Why justice for the Iraq War matters

We are approaching the 15th year anniversary of the war in Iraq.

On March 20, 2003, the U.S. government waged war against Iraq. It did so illegally. 

The war violated international law. That seems practically certain in hindsight. And because the U.S. constitution incorporates international law, the war violated domestic law as well.

Many people have forgotten about the war. And for them, March 20, 2018 will come and go, meaning little more to them other than being a Tuesday on the calendar.

But I would implore you to think about the Iraq War -- and why justice for that war is a critical part of building a better future.

In building a Golden Age.

I imagine a world where executives are held to account for their illegal conduct -- conduct that can affect the lives of millions.

I imagine a world where anybody who commits grave violations of human rights -- from the lowest army private to the commander in chief of a military force -- will face a reckoning, and will be called to account before a judge. 

The rule of law is meaningless unless it treats all people equally -- and demands equal accountability from all, regardless of wealth, power or status.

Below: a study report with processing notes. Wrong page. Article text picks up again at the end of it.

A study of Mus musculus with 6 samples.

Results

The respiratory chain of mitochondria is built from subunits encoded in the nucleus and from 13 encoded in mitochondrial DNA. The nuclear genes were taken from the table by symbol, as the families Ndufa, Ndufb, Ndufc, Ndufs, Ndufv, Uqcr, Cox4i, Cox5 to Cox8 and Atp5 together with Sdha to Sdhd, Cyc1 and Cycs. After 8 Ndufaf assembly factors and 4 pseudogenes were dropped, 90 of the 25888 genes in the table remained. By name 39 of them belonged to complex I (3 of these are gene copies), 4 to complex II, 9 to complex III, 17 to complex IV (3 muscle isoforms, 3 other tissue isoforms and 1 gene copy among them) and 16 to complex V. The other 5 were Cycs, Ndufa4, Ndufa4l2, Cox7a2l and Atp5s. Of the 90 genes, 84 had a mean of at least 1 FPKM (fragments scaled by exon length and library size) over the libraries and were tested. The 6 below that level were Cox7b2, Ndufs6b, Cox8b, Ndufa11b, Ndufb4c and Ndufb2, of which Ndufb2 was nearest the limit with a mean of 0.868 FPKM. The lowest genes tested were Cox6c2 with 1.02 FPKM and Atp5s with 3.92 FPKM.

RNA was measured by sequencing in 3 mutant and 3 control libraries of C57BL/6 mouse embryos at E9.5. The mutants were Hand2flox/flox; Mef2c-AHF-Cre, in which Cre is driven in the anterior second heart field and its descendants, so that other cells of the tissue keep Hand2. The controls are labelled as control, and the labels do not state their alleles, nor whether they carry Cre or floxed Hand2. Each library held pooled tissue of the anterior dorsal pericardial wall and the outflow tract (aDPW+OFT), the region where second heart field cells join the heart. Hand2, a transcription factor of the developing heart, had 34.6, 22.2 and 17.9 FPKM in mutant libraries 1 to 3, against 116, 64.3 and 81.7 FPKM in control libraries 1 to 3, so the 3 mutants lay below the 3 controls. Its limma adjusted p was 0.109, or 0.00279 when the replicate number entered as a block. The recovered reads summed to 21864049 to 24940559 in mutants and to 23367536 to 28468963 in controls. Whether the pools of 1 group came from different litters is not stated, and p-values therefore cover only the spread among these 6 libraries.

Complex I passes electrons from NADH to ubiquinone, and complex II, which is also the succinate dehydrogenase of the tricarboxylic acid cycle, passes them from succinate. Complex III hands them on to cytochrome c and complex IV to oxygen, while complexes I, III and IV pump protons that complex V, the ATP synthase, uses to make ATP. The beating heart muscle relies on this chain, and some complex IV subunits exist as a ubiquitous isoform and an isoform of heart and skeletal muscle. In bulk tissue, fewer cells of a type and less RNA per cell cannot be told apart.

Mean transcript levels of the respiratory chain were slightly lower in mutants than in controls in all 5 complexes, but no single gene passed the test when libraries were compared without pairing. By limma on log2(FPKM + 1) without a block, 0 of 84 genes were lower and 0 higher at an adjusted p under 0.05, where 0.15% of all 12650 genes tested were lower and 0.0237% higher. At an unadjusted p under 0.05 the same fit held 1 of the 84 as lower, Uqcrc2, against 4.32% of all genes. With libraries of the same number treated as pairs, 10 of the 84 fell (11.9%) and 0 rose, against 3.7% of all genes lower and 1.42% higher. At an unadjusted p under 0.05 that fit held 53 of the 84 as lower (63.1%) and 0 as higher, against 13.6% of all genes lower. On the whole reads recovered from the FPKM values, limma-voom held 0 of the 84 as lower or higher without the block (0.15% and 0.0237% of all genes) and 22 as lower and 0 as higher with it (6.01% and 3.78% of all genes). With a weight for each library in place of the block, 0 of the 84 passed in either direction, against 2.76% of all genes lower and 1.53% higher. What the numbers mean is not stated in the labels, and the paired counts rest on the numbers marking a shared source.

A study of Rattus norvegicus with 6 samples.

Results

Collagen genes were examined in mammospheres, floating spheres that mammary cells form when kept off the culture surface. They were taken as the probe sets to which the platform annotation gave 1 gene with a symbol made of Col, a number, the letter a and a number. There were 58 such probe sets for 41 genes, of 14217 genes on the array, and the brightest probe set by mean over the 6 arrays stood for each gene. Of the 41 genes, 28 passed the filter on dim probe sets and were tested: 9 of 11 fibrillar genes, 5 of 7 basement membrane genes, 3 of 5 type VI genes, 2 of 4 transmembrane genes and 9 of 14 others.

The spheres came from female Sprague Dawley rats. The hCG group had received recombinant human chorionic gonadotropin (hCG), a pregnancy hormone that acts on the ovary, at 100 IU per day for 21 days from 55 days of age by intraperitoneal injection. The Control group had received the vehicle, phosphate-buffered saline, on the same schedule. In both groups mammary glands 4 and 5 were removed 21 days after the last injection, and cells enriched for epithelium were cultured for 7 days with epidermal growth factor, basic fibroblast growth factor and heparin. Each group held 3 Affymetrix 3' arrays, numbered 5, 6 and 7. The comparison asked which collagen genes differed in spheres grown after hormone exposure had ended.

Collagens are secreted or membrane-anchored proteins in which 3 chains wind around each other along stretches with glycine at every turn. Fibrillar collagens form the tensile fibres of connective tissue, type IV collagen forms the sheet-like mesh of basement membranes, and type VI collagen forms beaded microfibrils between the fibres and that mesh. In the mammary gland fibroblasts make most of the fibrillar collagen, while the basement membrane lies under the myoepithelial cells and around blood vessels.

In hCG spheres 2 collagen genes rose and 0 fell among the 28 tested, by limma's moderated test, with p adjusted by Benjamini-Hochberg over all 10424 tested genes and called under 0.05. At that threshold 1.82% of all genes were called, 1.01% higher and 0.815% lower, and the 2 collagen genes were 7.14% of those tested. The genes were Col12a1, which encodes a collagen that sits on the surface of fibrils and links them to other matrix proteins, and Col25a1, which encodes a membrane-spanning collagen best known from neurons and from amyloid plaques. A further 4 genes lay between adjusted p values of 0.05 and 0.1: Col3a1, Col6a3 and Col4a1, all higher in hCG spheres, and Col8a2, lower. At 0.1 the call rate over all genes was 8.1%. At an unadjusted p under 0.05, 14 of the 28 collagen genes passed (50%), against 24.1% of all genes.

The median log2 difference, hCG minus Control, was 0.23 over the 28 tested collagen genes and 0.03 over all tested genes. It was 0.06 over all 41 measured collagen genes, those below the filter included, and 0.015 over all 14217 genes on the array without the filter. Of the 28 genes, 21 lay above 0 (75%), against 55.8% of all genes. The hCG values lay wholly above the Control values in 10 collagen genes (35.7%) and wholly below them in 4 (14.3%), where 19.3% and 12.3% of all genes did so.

Our human rights are all at risk in a world where leaders can do what they want, with impunity.

The Iraq War was a terrible crime. One of the gravest international crimes since World War II.

For us to build a better world, we have to hold the powerful, the most powerful, accountable. 

If we refuse to do that, then we continue to live in a world where the powerful do as they will, and the weak suffer what they must. 

Real leadership is not based in lies, or torture. Real leadership is not premised on fear. And those who commit such acts are not due the courtesy that accompanies leadership.

But such people should certainly be subject to judicial review. And to account for what they have done.